Unforgettable 18-year-old cat goes home

Woodrow the cat with Jane Brodziak in the background
A volunteer met Woodrow at Best Friends six years ago, never forgot him and now he’s living his golden years at home with her.
By Sarah Thornton

It’s no exaggeration to say Woodrow was a staple of Cat World at Best Friends Animal Sanctuary. Laid-back and easygoing, he was always up for just about anything. One of the official Cat World greeters and a sleepover superstar, he rarely missed a chance to attend an event in one of his fancy bow ties. He popped up in stories, strutted his stuff at photoshoots, and he was certainly no stranger to social media.



A first, fateful meeting

When Jane Brodziak volunteered at Best Friends Animal Sanctuary for the first time in 2017, Woodrow had just arrived from a nearby shelter. And since he was living in the lobby of a building in Cat World, he was right there to greet Jane when she walked in. “Because I lived in Colorado, I’d just come for a couple days,” Jane recalls. “And he was the first cat I met here.”

Jane took Woodrow out for a stroller ride, winding through the trees behind the building along a quiet little footpath. His nose was in the air the whole time, taking in all the different smells of nature. Even then he was pretty cool cat, she says. But she already had a full house with two cats and a dog. And with everything else happening in her life, it just wasn’t the right time to bring another family member into the fold. So, when her volunteer trip ended, she bid Woodrow a fond farewell and headed back home. She never forgot about him, though.

Every animal deserves a home

Over the next couple of years, Woodrow’s popularity and presence grew. Caregiver Bee McCarroll, who started working at Best Friends not long after he arrived, was especially fond of the senior tabby, and she quickly became his biggest fan and advocate.

Bee sent Woodrow off on more walks with more new volunteers, and she packed him up for sleepovers, which always earned him glowing reviews for A+ snuggles and purrs. Fliers, distributed around Cat World, showed the image of Woodrow’s winking face with the caption, “He wants YOU to adopt him.” Everyone knew Woodrow.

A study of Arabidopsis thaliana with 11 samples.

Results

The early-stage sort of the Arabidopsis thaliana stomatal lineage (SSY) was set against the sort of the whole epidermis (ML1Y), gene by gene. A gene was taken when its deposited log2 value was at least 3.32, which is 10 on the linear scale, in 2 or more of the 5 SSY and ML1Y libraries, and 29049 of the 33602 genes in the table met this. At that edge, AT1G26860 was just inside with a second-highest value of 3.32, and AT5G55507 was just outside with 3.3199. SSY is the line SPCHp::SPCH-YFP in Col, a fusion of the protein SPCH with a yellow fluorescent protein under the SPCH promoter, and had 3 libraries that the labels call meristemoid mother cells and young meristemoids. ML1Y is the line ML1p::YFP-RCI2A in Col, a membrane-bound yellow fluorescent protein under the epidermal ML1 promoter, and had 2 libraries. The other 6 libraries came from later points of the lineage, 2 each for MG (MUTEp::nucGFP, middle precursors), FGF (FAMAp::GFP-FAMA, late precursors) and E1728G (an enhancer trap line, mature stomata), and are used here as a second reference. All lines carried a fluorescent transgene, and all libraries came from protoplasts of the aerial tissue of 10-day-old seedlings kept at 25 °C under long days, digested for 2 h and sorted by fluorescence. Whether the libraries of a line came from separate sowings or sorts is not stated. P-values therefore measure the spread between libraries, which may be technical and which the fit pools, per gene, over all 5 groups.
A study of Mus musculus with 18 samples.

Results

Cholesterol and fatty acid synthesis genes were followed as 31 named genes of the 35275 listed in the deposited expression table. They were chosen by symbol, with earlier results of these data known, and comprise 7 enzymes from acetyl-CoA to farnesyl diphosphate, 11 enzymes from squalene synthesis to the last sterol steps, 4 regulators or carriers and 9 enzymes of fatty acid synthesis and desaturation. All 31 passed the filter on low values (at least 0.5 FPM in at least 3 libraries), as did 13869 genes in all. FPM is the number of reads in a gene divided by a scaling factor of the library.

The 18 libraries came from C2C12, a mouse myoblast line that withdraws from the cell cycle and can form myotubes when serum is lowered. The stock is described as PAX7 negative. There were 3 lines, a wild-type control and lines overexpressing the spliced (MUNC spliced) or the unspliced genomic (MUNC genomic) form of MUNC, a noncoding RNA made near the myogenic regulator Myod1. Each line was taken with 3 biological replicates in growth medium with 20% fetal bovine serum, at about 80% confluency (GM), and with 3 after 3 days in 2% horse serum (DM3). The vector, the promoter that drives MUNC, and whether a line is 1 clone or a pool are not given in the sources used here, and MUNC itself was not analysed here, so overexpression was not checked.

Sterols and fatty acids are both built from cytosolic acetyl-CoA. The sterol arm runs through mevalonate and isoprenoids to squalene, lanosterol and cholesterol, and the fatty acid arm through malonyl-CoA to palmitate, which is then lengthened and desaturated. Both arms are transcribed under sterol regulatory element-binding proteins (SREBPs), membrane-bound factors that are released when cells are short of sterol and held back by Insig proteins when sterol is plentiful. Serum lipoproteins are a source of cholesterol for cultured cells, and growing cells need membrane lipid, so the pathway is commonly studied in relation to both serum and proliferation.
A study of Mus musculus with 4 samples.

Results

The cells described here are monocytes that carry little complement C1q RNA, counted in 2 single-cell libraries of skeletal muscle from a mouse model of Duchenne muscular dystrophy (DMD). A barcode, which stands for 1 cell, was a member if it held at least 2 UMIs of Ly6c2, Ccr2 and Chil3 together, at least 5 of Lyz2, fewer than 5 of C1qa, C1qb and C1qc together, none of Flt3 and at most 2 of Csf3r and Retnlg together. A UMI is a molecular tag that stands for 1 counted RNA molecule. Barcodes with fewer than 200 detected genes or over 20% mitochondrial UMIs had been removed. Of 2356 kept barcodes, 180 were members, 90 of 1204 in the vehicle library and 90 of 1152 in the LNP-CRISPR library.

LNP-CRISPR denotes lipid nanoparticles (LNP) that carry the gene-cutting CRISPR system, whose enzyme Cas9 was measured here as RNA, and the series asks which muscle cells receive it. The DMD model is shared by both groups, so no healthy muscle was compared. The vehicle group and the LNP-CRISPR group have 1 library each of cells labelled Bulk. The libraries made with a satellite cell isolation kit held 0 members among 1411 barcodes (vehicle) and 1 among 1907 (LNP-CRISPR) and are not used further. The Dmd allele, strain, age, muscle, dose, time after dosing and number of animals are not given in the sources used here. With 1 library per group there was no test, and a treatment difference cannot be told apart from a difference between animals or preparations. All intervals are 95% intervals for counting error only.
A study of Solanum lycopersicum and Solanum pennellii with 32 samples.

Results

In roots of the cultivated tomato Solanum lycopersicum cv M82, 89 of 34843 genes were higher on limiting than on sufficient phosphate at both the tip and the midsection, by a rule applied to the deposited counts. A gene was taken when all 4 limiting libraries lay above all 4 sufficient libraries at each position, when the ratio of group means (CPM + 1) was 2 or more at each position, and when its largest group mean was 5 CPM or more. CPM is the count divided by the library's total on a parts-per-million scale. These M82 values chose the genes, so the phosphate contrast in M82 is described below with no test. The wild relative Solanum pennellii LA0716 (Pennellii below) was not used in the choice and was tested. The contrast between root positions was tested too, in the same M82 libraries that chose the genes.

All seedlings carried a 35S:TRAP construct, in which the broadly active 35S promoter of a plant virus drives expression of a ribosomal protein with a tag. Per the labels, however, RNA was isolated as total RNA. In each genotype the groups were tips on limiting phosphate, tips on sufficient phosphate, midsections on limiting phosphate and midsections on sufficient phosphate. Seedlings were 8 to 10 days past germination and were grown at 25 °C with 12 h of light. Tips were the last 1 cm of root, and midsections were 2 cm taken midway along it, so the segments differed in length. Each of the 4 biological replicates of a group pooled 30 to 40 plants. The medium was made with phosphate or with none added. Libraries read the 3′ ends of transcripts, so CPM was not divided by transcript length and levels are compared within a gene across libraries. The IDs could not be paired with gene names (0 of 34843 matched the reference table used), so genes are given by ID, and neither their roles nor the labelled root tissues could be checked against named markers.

When Jane returned a few more times to volunteer, she always said hi to Woodrow before heading home again — that is, until her home became Kanab, Utah, just a few minutes south of the Sanctuary.


“We always had two cats,” she says. “I just always thought, you need more than one cat in the house.” (Solid logic, really.)

She found herself thinking maybe it was time for Woodrow to come home, but a friend suggested that Woodrow might not want to leave Cat World because he gets so much attention there. But when someone else suggested that “Every animal deserves a home,” Jane was convinced.

News that Jane adopted Woodrow spread quickly. He’d just had his 18th birthday party, and his human friends were abuzz with excitement all over again. Bee offered to share her collection of Woodrow pictures (and pet-sit whenever needed). When Jane stopped in at the Best Friends Animal Clinic, a vet tech who’d heard about the adoption wrapped her up in a hug.

The fanfare surrounding Woodrow’s departure was more than Jane expected. But  Woodrow, more than ready to settle into the quiet life in his new home, paid little mind.

Settling into the quiet life

From day one, Woodrow was right at home. His new cat brother, Rustler, wasn’t sure what to think at first. But Bella the dog was happy to meet him and Woodrow took the introductions with ease. Jane gave him his own room with a baby gate to keep Bella and Rustler out. But Woodrow really just wanted to be out with the family.

“He’s been good,” Jane says. “And I think he’s going to live a long time. People say, ‘Oh a senior animal. Why do you want to be emotionally invested in a senior pet?’ But … I don’t think that’s going to be a problem.”

Woodrow spends his days watching birds out the window or scouring the kitchen for treats, and he’s completely taken over Bella’s bed when she’s not using it. He’s got a constant, rumbling purr going, and when he sits on the table with Jane next to him, his front paws are completely occupied making biscuits.

Jane also reports that he’s become a pretty quiet cat, something that amuses Bee. “We joked that in a past life he was a fire alarm,” Bee says. “In the morning when I came in, he’d start yowling because he knew I’d give in and give him baby food, and because he wanted to be out in the mix … He just wanted to be with people.”

Well, now Woodrow’s with his very own person all the time. No one clocks out and goes home. He can stretch out on Jane’s bed during the day and hang out with his new family well into the evening hours. And that’s all he ever really wanted.

Honestly, it might have been a birthday wish come true for both of them. “His birthday was celebrated August 2,” Jane says. “My birthday is August 1. It was meant to be.”

This article was originally published in the March/April 2023 issue of Best Friends magazine. Want more good news? Become a member and get stories like this six times a year.